Theatre for Good Governance
• Principles of good governance: participation, transparency, responsive representation and accountability are hard to achieve as political or social realities, in any context. Creative arts and communication can be employed in a variety of ways to enhance the presence and application of these principles – at all levels, and provide an inclusive experience for understanding and participation across different spheres of society and administration or governments.
• Donor aid and investment has driven the demand and largely the criteria, for ‘good governance,’ rights education and a vibrant civil society in so called ‘developing’ nations: NGOs can and have played an important part in this process, but experience shows that real and genuine ‘participation’ and ‘accountability’ demands locally driven, culturally appropriate action, that navigates power dynamics with sensitivity in inclusivity.
Mutu umodzi susenza denga
One head does not carry the roof
Chinyanja proverb, Malawi / Zambia
• Theatre for Good Governance can take many forms: from protest or spectacle to collaborative events or processes – from sustained dialogue facilitated regularly at community level; using creativity to workshop ideas with government officials, counsellors and farmers for example; or touring forum theatre productions to different target audiences or performing to a paying public on a specific matter of political or national interest. Issues can be drawn from the wide spectrum of areas that governance systems are established to manage, preside over, support or subsidise – and can range from a fundamental exploration of the nature of power and meaning of democracy itself, to public discussion on the mechanics of delivering a service such as water between water users, service providers and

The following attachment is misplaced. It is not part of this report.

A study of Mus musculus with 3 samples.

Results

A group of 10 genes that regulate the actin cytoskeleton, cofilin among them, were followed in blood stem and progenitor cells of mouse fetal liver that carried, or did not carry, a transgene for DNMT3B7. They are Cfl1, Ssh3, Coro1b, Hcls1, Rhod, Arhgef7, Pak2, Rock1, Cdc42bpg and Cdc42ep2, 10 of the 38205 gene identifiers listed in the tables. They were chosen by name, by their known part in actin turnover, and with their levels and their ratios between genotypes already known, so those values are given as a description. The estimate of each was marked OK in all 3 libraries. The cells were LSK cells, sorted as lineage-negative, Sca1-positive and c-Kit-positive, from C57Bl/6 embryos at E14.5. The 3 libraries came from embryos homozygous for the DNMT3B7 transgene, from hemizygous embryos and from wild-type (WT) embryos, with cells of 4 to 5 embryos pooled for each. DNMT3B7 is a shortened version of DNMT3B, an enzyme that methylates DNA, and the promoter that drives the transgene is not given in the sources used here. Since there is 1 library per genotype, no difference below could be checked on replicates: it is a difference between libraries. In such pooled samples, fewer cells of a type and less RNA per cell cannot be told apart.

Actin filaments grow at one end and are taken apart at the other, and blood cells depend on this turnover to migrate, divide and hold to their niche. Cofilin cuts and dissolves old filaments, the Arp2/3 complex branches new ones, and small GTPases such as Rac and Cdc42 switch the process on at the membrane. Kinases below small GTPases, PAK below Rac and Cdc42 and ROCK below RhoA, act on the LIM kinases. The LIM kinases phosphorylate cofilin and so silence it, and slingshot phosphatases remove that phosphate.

Examples of past projects for good governance
• Radio and community theatre for Decentralisation and democratisation in Malawi
• Using arts and communication to improve Local Governance in Zimbabwe
• Public discussion on the legal and political implications of the food crisis in Malawi
• National tour of performances and workshops
Training in applying theatre and communication to improve governance includes interrogating good governance principles; approaches for engaging local and national leadership; how to ambush or integrate the target audience; how to use alienation effectively; how to bring target audiences into the process and why this is valuable; designing a “Good Governance” intervention; structuring community dialogue into theatre games and production; Constructing narratives to explore for example, principles of power, decision making processes, engagement, disempowerment, disenfranchisement, rights, vigilance, accountability; making theatre about specific issues eg: voting, corruption, leadership, service delivery.
Projects are tailor made with partners and expert advice can be provided in this area on request.